SolarWorld will survive fiscal crisis, chief executive Frank Asbeck says [The Oregonian, Portland, Ore.]
(Oregonian (Portland, OR) Via Acquire Media NewsEdge) Feb. 06--In Germany they call Frank Asbeck the Sun King. The outspoken chief executive of SolarWorld, a Bonn-based manufacturer with a Hillsboro factory, has helped transform his country into the world's leading solar power producer.
The king now has a castle, having bought a 19th Century Rhine River chateau, where he'll base his charitable foundation. But the ramparts of Asbeck's business empire cracked last month, as prospects of drastic financial restructuring slashed SolarWorld's shares by 31 percent in a day.
Some stock analysts predict insolvency or sale. The company trimmed hours of its German factory workers. It's announced more Oregon layoffs, gradually reducing its Hillsboro work force from 1,000 to 725.
But Asbeck, 53, told The Oregonian in an interview by email that he fully intends to lead SolarWorld through the crisis that affects not just his business but solar companies worldwide as prices hit new lows. He blames manufacturers' woes on China's government, docked by U.S. trade agencies for subsidizing Chinese companies, which dumped solar panels at below cost in the United States. Importers of Chinese solar panels must now pay U.S. tariffs.
"Every day we fight hard against Chinese dumping, and our people are continuously improving our performance, too," Asbeck said. "We know our business plan is strong, but only if we can restructure our debt and halt illegal Chinese trade practices."
Among analysts, the rap on SolarWorld is that it has failed to differentiate its cells and panels from cheaper commodities made by competitors. Critics say SolarWorld's costs are too high because SolarWorld insists on manufacturing in Europe and North America instead of Asia.
Could it be that it's just impossible to manufacture economically in the West
"It is odd to receive such a question from the state of Oregon, where Intel operates several sites for factories," Asbeck responded. "Intel appears to be a going concern, no Our labor costs in Hillsboro and in Germany are about 10 percent of production costs. In fact, it is a big advantage to manufacture with high quality, environmental and social standards exactly in the market where you sell your products."
Lynn Frank, a solar industry consultant who headed the Oregon Department of Energy, backs him up.
"We demand family wage jobs, a safe and healthful workplace and environmental stewardship, but then conclude that products reflecting those values are too costly and choose by our investments to outsource jobs in countries that reflect none of those values," said Frank, president of Five Stars International Inc. "We decry the subsidy of solar and yet blindly accept the far greater environmental and economic subsidy of competing energy resources.
But Ocean Yuan, chief executive at Grape Solar Inc., a Eugene solar dealer, said the bottom line is that SolarWorld charges high prices for panels of average efficiency. Chinese companies can duck the U.S. tariffs, he noted, through a loophole that allows them to assemble panels in China from cells made in other countries.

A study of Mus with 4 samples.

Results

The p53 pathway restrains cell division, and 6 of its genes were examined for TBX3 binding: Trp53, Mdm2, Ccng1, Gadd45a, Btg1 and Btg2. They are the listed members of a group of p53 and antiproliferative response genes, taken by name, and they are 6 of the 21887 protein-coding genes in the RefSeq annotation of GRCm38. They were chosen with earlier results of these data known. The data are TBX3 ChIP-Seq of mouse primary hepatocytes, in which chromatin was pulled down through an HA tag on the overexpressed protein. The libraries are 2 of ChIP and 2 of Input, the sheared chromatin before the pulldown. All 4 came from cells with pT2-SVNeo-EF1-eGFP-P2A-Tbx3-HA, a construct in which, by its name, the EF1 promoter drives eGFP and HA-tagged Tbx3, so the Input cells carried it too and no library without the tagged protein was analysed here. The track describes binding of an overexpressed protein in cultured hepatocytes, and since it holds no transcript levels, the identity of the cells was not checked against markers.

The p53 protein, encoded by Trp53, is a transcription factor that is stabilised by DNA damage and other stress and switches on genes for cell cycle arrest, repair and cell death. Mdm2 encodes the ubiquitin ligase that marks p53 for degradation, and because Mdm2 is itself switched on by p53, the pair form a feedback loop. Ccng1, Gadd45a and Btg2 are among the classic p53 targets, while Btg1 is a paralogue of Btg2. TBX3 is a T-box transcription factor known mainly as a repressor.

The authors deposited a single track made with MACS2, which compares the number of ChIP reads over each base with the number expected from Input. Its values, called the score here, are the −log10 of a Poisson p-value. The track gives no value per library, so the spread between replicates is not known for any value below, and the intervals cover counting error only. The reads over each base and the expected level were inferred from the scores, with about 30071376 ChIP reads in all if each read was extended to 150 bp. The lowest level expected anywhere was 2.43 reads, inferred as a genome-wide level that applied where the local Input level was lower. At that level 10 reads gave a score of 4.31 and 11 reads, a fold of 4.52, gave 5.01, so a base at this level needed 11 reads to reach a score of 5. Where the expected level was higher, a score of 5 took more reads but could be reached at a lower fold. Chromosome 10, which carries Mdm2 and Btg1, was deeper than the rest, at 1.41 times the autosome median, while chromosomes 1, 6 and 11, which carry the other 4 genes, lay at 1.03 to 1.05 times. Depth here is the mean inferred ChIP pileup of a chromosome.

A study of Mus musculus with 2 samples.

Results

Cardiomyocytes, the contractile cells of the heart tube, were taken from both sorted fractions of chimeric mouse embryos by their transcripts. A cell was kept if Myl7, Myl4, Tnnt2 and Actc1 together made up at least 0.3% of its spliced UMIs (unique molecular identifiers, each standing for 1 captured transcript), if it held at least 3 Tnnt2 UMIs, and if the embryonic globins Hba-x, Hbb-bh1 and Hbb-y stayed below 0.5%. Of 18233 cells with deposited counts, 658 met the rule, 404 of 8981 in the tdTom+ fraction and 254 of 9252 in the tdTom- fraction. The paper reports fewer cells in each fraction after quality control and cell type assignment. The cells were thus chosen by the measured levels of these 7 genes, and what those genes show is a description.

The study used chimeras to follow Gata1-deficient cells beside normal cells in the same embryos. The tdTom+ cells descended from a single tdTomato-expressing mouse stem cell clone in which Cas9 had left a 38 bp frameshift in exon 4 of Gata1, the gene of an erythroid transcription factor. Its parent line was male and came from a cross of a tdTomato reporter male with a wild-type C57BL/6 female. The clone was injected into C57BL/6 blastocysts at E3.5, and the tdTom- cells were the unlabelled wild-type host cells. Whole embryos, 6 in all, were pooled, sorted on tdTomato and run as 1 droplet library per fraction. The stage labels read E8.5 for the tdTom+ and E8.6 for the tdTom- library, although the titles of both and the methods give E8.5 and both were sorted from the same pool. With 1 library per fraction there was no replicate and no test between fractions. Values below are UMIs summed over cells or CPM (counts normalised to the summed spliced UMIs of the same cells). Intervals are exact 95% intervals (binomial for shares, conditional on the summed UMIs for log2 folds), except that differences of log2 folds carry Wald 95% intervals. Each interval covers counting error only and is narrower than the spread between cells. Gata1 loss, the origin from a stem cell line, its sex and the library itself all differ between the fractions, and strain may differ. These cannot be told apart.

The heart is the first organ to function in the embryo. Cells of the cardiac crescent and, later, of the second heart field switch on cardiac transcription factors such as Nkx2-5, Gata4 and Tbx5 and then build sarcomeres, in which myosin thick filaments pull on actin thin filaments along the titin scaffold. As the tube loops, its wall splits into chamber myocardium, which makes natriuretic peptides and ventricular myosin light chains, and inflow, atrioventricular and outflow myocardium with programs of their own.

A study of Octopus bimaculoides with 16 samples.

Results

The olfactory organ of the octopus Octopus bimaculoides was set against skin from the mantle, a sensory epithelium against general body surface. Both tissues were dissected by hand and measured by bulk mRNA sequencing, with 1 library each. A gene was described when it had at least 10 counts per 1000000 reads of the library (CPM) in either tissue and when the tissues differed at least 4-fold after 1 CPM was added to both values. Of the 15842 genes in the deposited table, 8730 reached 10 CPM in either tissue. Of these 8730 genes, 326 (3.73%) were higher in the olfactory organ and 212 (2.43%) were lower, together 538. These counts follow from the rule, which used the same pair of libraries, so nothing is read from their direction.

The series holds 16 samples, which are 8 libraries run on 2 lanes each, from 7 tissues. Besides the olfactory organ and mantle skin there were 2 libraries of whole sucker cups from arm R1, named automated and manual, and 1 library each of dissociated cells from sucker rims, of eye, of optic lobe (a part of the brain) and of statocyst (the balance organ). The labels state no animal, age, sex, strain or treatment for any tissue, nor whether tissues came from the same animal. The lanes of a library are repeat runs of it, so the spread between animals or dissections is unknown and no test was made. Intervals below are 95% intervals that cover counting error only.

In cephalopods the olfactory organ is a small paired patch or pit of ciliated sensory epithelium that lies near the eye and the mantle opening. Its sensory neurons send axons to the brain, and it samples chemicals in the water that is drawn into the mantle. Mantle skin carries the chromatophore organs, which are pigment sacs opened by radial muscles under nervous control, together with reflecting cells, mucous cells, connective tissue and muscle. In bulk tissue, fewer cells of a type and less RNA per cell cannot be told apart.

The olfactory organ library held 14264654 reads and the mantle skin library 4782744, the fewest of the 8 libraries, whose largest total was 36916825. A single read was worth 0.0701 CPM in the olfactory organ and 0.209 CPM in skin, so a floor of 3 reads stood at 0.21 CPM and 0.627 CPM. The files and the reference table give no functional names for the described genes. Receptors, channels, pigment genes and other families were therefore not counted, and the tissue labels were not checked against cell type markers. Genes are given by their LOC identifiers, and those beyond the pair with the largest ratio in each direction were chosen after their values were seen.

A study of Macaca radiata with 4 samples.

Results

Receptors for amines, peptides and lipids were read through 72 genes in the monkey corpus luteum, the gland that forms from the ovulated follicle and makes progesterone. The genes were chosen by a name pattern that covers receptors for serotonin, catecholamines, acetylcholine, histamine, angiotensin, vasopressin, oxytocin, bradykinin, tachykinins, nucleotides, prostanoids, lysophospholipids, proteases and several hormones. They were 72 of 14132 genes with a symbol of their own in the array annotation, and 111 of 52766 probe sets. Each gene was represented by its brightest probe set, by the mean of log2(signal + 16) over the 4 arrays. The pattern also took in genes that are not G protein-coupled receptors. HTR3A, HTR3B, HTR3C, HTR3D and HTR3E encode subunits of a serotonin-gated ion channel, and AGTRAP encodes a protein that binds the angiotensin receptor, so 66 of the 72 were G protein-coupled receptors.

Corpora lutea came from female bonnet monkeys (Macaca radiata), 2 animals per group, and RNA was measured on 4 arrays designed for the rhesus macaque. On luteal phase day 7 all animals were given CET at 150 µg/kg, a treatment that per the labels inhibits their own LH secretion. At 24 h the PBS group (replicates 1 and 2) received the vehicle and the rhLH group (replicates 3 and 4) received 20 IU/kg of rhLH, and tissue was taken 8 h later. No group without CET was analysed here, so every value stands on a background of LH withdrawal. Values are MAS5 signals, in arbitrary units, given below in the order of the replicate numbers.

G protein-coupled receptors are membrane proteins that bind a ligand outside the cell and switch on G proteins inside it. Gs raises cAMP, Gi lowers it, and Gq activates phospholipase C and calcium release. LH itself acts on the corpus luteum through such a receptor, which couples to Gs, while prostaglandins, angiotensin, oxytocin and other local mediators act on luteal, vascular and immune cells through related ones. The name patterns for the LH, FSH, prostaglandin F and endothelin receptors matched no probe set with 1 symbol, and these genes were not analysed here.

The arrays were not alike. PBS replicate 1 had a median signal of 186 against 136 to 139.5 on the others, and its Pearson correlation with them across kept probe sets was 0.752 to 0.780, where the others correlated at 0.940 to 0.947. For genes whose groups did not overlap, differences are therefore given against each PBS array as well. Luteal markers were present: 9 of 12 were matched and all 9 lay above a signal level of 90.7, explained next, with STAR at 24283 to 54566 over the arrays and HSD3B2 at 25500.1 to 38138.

SolarWorld is asking U.S. authorities to close that loophole. Meanwhile Asbeck has high expectations for decisions this spring by authorities in Europe on the company's request for tariffs on Chinese products there.
"The European market is still 10 times bigger," than the U.S. market, where tariffs are beginning to help, Asbeck said. "Therefore determinations there will have a much bigger consequence for all parties."
Asbeck said SolarWorld is not for sale. He said there are "no current plans" for more job cuts. In Hillsboro, the company is investing in innovation, developing improved products.
Asbeck defended SolarWorld as a good investment for Oregon taxpayers. The company opened the Hillsboro plant in 2008 on the promise of about $100 million in incentives. It's received less than $30 million so far in Oregon tax credits, costing the state $42 million. But SolarWorld can exercise more credits.
"Oregon is an excellent location to manufacture solar technology," Asbeck said, "in part because such manufacturing ... can capitalize on deep background in silicon-based ... processes" used in the state's semiconductor industry.
Ultimately SolarWorld's fate and the future of its Hillsboro plant will be sealed far from Oregon in European financial negotiations. The company's latest results aren't yet public, but even by Sept. 30 finances looked grim.
With $1.4 billion in debt, SolarWorld lost $322 million before taxes during the first three quarters of 2012. It generated some cash during the period by reducing inventories and receivables, and by getting more prepayments from customers.
But with debt and dividend payments totaling $358 million during the period, SolarWorld burned through nearly 60 percent of its cash reserves. The company finished the third quarter with $316 million in cash, down from $751 million at the beginning of its fiscal year. Asbeck says that about the same amount of cash remains today.
SolarWorld is hardly alone in its predicament. Solar companies continue going bankrupt worldwide. Some of China's solar giants are barely standing, despite the heavy government subsidies.
Asbeck aims to outlast them.
"I'm confident," he said, "that even the communist government doesn't want to burn money infinitely."
-- Richard Read twitter: ReadOregonian
(c)2013 The Oregonian (Portland, Ore.)